Staunton, Virginia
Attributed to Joseph Ray (d.1799)/John Price (1785-1790)

40″ wide (at foot/base) x 42″ tall x 22″ deep (at foot/base)

This rare three over four chest of drawers is attributed to Staunton, Virginia based on regional construction characteristics. The unusual top and base molding profiles are identical to others from the area. The tops of the drawer sides are somewhat rounded; there are deep saw kerfs on inside of the drawer fronts; there are fully framed drawer supports and the base is attached with nails set into countersunk holes. The combination all of these particular traits on the chest identify it as a chest made in the late 18th century in Augusta County, Virginia, and very likely Staunton.

Traditionally this group has been attributed to the circle of Gideon Morgan (1751-1830) a contractor who supplied joinery, painting and construction for the home of Archibald Stuart in Staunton, built in 1791. Current research from MESDA reveals that, by the time Gideon Morgan arrived in Staunton in 1790, there was already a thriving cabinetmaking community making case pieces for the area. The patriarch was Joseph Ray (d.1799), born in Ireland, whose family immigrated to Philadelphia and arrived in Augusta County in 1740 as a young boy.  After service in the French and Indian War, he returned to Staunton in 1767 and set up a cabinet shop taking on John Price ((1726-1797) as an indentured servant. By 1780, Price has his own shop and in the early 1790’s both Ray and Price were billing Archibald Stuart for furniture and repairs.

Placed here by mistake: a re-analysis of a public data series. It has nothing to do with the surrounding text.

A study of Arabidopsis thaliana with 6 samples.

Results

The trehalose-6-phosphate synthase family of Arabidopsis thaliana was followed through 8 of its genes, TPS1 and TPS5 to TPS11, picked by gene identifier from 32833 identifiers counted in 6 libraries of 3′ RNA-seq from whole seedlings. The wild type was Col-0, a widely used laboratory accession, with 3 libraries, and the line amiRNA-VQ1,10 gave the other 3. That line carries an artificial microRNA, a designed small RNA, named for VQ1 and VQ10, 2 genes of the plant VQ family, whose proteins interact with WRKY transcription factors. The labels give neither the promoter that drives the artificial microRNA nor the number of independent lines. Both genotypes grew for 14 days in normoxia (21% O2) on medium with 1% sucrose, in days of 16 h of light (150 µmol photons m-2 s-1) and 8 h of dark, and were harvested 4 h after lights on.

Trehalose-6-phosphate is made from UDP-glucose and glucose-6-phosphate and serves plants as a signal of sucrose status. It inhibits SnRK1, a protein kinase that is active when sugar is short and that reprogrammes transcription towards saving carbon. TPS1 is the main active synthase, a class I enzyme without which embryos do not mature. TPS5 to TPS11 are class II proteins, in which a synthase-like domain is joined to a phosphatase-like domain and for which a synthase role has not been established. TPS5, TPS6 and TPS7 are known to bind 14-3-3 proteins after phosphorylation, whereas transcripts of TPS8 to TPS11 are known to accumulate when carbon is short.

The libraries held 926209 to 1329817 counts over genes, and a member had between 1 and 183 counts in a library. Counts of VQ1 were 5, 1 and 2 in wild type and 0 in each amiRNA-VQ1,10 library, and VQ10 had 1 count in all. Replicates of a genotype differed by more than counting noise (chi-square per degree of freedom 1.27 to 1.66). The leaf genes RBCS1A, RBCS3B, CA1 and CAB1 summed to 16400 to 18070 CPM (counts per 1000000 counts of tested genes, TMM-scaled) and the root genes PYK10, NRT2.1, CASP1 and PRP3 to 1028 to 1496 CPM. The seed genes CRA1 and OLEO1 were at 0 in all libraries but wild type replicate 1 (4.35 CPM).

While Gideon Morgan was certainly involved in cabinetmaking, his bills to the Stuart house were for architectural work, supplies and painting. Morgan held insurance on a large joiners’ shop, a log house and wooden kitchen under the name of Morgan & Pippet with Joseph Pippet between 1801-1805. Morgan was also operating a tavern and a saw mill during this time.

This chest was purchased from The Dell, a large farm in Port Republic, just 20 miles away in Rockingham County.

[1] In 1793 John Price apprenticed James Wilson, to whom he left a substantial amount of woodworking tools when he died four years later.  Wilson, then 17 years old was taken on by Luther Morgan, the son of Gideon to finish his apprenticeship two months later.